Satoshi Nakamoto, long considered to be the pseudonym of the person or persons who created Bitcoin, is most likely the real name of the man who founded the cryptocurrency. Leah McGrath Goodman at Newsweek found Nakamoto, a 64-year-old model train-enthusiast, in his driveway after interviewing people who worked with him and his family.
Nakamoto, obviously, did not want to be found. And now Gavin Andresen, a lead bitcoin developer who talked to Goodman for the story, is saying he regrets that decision to cooperate.
I'm disappointed Newsweek decided to dox the Nakamoto family, and regret talking to Leah.— Gavin Andresen (@gavinandresen) March 6, 2014
He also suggests that Goodman may not have the whole story (although her piece is as close as anyone's gotten to revealing Bitcoin's shadowy beginnings):
RE: Satoshi: remember we are pattern-seeking, storytelling animals. http://t.co/C8o8pZTllf— Gavin Andresen (@gavinandresen) March 6, 2014
Andresen probably made these statements to avoid the ire of Bitcoin's many devotees, who are already losing it on Reddit. Since the main argument in favor of Bitcoin's use is its anonymity, they are naturally upset that the spirit of the project has violated against its founding father. Nakamoto, unsurprisingly, has remained silent.
Nakamoto, Goodman discovers, began the bitcoin project in 2008 and worked with other coders on it from 2009 to 2011. He dropped off the internet in 2011, and he told Goodman in his driveway this February, "I am no longer involved in [Bitcoin] and I cannot discuss it. It's been turned over to other people. They are in charge of it now. I no longer have any connection." It's estimated that Nakamoto is worth $400 million, but he lives in a modest home in Los Angeles. Some question whether he still has the keys to his fortune.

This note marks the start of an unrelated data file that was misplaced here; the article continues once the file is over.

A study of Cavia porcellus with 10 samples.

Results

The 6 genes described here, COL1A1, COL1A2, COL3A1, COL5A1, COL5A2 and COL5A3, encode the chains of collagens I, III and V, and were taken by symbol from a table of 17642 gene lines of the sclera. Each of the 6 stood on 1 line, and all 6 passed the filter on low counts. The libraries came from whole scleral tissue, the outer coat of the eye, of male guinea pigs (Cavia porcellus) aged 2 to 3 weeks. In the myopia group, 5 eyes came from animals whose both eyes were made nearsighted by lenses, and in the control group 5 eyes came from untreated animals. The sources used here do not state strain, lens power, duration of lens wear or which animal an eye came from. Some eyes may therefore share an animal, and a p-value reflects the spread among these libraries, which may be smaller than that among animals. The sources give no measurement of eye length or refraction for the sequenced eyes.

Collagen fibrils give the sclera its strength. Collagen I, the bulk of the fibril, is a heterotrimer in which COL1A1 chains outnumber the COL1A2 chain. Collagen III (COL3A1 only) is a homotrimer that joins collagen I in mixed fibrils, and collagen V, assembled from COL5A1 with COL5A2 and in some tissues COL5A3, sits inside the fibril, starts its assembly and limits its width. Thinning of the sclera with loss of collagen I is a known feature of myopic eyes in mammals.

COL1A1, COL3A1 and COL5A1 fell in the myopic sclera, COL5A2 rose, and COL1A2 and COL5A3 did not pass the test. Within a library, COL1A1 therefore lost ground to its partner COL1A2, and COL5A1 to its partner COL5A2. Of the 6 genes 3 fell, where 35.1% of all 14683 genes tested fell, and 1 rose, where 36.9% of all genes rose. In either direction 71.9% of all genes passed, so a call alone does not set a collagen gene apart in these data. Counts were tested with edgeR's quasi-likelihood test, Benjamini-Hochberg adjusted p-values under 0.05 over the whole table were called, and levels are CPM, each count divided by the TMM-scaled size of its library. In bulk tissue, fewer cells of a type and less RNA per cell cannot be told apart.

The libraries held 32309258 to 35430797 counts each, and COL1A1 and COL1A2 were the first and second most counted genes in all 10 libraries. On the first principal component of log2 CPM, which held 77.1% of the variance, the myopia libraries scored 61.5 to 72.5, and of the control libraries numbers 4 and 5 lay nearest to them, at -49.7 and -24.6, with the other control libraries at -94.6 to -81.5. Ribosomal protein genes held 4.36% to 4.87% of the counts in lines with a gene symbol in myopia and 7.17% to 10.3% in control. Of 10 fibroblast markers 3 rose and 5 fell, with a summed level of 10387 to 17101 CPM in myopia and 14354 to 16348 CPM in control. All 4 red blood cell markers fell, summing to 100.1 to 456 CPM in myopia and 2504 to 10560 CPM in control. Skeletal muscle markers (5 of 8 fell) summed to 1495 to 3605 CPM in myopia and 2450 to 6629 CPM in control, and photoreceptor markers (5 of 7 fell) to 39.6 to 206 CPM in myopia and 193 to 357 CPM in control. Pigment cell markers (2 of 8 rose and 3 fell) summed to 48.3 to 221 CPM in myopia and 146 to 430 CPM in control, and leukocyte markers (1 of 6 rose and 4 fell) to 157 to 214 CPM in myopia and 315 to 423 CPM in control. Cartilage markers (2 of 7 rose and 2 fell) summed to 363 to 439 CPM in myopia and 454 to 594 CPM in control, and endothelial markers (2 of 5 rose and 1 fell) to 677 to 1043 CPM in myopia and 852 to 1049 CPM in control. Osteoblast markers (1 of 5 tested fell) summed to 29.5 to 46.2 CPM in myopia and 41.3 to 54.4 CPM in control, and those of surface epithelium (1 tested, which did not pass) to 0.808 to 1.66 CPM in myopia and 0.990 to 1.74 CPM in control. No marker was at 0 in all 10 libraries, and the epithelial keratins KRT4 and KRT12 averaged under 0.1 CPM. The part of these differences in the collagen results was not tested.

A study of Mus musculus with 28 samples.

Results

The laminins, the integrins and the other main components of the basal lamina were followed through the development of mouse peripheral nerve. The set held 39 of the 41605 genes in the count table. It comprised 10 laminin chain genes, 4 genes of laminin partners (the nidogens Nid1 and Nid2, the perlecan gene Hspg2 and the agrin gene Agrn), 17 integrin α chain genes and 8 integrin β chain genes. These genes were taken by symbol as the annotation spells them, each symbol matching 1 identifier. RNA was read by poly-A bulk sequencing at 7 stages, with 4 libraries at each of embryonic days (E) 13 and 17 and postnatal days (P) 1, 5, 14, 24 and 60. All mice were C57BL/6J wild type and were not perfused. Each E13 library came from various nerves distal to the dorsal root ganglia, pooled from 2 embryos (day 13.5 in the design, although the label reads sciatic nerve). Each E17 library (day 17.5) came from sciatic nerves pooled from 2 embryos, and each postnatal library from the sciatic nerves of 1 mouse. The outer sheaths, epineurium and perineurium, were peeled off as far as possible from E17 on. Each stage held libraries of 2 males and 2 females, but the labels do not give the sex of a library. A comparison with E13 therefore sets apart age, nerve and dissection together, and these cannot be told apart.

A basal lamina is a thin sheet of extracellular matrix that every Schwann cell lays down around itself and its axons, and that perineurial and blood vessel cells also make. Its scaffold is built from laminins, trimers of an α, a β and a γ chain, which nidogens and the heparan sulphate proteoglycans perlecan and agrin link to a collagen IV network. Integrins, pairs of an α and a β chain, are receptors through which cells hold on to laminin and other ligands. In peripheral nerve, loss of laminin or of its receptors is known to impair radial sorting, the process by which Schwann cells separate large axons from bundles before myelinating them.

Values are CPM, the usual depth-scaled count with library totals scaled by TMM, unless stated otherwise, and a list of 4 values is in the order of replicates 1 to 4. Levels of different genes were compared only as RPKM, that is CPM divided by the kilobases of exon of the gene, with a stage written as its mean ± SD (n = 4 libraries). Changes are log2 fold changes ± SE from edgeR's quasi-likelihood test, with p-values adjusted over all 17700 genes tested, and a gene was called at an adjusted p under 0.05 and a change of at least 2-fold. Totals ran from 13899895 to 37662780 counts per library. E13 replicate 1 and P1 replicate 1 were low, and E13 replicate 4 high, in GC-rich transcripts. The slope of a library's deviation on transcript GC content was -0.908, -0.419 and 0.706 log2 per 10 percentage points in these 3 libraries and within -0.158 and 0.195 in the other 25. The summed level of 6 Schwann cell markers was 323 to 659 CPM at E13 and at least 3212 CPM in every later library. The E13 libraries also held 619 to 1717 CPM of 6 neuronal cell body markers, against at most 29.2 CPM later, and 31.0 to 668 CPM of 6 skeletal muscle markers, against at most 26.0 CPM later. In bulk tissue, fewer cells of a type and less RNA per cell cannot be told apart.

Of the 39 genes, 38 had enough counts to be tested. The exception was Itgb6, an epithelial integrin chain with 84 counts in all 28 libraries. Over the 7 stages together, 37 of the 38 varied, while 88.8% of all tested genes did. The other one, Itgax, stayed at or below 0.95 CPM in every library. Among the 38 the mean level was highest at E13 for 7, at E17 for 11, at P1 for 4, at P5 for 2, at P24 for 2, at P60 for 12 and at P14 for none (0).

Andresen recalls his last exchange with Nakamoto in 2011:
"I wish you wouldn't keep talking about me as a mysterious shadowy figure," Nakamoto wrote to Andresen. "The press just turns that into a pirate currency angle. Maybe instead make it about the open source project and give more credit to your dev contributors; it helps motivate them."
Andresen responded: "Yeah, I'm not happy with the 'wacky pirate money' tone, either."
Then he told Nakamoto he'd accepted an invitation to speak at the Central Intelligence Agency headquarters. "I hope that by talking directly to them and, more importantly, listening to their questions/concerns, they will think of Bitcoin the way I do — as a just-plain-better, more efficient, less-subject-to-political-whims money," he said. "Not as an all-powerful black-market tool that will be used by anarchists to overthrow the System."
From that moment, Nakamoto stopped responding to emails and dropped off the map.
Goodman also spoke to various members of Nakamoto's family, who offered clues as to why he might create bitcoin — he developed a distrust of the government after being laid off twice in the 1990s and losing his home. But Nakamoto never confirmed to anyone in his family that he founded the currency.
Goodman's story will continue to make waves among bitcoin users, who value anonymity (in their monetary transactions, at least) over everything. Users fear for Nakamoto's safety as well as their own.
Update: Goodman is beginning to respond to critics on Twitter.
Update, 4:36 pm: After dealing with hordes of reporters outside his home, Nakamoto apparently agreed to an interview with an AP reporter. Of course, other reporters followed the two from his home, creating a car chase. Nakamoto denies creating Bitcoin, and says he went with the AP reporter for a "free lunch."
This article is from the archive of our partner The Wire.